Outdoors

Elk, Wolves and Lions

The forces that control elk populations are varied and complex

Lions kill more elk than wolves. At least that’s what a new study by Idaho Fish and Game, with implications for the entire Northern Rockies, suggests.

Well, that solves it. Wolves aren’t the problem after all.

If only wildlife management was that simple. If it was, we’d easily find solutions to the problems that perplex wildlife managers. And once they fixed all these easily solved problems, those biologists would soon find themselves out of a job, having fixed everything we’d hired them for in the first place.

Things aren’t simple, however. The forces that control elk populations are more varied than just wolves, or lions. Killing all the predators wouldn’t transform the Northern Rockies into a big game hunter’s paradise — though, frankly, it’s that already anyway.

The study examined predation on female elk and calves. Lions killed slightly more cows than wolves, and a significantly greater percentage of calves. That makes sense. A pack of wolves isn’t going to turn down an elk calf when the opportunity presents itself, but the pack is generally more interested in bigger prey that will fill more bellies.

But calves are just the right size for a lone lion. Every kill also presents the possibility of injury for the predator. That risk is certainly higher when preying on a full-grown cow elk rather than a smaller calf.

Apparently, the study didn’t look at predation on bull elk, but you don’t need a study to understand that wolf packs are a bigger threat to the boys with antlers. Taking on a bull elk with a full rack is culinarily ambitious, even for a big, experienced lion.

A pack of wolves is another matter. Biologists are documenting a trend that bulls are carrying their antlers longer into winter now that wolves have returned. Winter — when the snow is deep and bulls are worn down from the rut, the sparse availability of food and the struggle against frigid temperatures — is when the advantage tips most decidedly in favor of the wolf.

Bulls that hang onto their antlers longer are less vulnerable, but the tradeoff is that their racks will be smaller the following breeding season, making them less desirable to female elk.

Idaho biologists caution neither side in the wolf-elk debate should attempt to make too much of these results. Wolves aren’t killing all of Idaho’s elk, but that doesn’t mean the state’s wolf population should be allowed to grow unchecked. Hunting wolves still has a role.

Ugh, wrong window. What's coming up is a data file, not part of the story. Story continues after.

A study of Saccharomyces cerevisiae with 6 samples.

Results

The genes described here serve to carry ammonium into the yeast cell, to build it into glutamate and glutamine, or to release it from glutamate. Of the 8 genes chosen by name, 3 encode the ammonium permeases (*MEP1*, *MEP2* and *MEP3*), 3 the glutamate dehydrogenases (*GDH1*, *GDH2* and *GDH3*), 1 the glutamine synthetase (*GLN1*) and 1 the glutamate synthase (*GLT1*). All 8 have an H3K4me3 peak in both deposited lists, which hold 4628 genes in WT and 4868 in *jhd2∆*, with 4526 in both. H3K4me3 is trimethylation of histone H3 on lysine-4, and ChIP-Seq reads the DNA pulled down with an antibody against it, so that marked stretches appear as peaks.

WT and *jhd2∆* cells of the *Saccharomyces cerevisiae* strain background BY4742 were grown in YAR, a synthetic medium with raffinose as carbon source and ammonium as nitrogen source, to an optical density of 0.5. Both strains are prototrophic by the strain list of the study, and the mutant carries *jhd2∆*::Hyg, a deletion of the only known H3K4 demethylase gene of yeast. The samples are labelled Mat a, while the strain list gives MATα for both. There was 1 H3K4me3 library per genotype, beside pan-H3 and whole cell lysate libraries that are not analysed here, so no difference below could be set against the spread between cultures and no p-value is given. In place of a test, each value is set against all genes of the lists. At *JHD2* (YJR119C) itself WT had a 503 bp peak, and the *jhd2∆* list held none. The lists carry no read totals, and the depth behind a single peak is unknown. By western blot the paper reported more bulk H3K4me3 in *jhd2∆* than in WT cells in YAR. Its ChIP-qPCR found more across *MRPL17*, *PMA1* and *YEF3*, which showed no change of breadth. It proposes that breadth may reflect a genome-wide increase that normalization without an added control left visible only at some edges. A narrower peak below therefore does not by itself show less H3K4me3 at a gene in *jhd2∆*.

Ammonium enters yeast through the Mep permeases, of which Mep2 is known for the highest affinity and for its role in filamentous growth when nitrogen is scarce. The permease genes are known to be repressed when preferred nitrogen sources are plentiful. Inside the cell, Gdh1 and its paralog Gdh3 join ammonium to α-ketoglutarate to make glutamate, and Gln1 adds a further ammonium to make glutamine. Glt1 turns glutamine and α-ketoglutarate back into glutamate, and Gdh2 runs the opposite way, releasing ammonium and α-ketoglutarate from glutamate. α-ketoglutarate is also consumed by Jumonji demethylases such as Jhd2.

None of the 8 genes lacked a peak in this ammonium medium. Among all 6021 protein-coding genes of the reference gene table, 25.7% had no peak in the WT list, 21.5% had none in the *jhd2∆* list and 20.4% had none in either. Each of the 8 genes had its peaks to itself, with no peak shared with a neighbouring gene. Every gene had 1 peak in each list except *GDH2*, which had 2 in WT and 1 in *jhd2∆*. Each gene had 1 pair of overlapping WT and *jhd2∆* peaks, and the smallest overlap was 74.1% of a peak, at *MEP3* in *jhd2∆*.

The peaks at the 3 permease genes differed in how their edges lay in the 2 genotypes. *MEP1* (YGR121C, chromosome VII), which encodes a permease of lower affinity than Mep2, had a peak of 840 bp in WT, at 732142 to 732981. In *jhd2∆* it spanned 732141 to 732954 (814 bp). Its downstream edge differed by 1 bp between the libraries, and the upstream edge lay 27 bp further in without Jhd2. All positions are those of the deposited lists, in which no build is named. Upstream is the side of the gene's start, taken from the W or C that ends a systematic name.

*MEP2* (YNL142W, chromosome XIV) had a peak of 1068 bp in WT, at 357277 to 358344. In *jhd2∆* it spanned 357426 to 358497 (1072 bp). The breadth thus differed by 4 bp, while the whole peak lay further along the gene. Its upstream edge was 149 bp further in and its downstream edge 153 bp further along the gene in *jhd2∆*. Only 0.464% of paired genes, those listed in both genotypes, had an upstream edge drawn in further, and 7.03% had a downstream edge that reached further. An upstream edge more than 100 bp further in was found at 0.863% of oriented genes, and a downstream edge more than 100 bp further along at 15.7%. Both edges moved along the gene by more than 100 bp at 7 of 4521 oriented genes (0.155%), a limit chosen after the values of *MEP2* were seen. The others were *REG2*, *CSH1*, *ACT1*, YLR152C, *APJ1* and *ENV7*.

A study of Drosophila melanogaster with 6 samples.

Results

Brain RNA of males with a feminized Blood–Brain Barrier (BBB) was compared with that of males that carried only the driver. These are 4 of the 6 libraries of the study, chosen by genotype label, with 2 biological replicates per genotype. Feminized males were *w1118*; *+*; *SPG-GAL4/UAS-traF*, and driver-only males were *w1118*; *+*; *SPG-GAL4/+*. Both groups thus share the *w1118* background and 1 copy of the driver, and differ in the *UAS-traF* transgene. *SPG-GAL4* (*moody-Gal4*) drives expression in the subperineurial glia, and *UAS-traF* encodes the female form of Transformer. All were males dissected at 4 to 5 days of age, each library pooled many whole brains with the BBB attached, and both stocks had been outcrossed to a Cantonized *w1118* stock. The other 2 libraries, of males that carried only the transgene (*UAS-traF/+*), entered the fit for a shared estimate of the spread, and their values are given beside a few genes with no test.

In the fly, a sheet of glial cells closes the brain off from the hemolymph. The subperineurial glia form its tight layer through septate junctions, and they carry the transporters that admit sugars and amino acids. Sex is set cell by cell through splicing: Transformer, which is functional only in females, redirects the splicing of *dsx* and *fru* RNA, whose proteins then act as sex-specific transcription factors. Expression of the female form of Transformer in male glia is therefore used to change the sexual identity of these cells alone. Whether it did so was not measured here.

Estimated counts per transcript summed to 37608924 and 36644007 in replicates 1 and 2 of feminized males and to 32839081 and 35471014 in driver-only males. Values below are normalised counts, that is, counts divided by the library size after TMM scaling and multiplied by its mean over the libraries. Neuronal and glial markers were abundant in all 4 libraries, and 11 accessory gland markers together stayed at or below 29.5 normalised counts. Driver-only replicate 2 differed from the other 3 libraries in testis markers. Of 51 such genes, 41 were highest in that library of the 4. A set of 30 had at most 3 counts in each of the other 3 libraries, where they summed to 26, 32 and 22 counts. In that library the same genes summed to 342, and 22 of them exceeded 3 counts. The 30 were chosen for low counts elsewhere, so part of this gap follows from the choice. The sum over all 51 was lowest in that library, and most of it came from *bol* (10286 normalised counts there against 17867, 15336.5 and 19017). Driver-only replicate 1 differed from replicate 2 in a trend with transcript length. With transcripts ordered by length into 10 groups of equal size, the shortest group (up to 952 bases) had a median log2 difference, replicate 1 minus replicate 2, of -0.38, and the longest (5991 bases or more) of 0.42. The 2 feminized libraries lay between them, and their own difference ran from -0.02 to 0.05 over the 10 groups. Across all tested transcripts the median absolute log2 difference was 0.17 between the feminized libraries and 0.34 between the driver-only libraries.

For instance, the study also showed that pack size is important. As it increases, wolves are more likely to prey on elk, or other big critters such as cattle. That lesson was demonstrated in Kalispell more than a decade ago when nearly 30 wolves from the Hog Heaven Pack were killed after the pack began preying primarily on cattle to feed all those hungry mouths.

Yellowstone National Park biologists have added another layer of complexity to predator-prey interactions. A study from the park suggests that wolves and lions have predictable hunting patterns, patterns that elk seem to have learned, and have adapted their behavior to avoid being eaten.

Lions in the park prefer to hunt in rugged, forested areas at night. Wolves like the flats, hunting park-like meadows in the morning and early evening.

So elk head for the trees during the day when lions are resting, then to the flats at night when wolves are snoozing.

Again, if it were that simple, predators would never encounter elk. But these daily migrations to where the predators aren’t doesn’t eliminate encounters; it just reduces them. Hungry wolves and lions don’t clock out once their anointed hunting hours end. It’s just that neither species is as efficient outside its preferred hunting time and place.

The result is a balance that has left healthy populations of all three species in the park.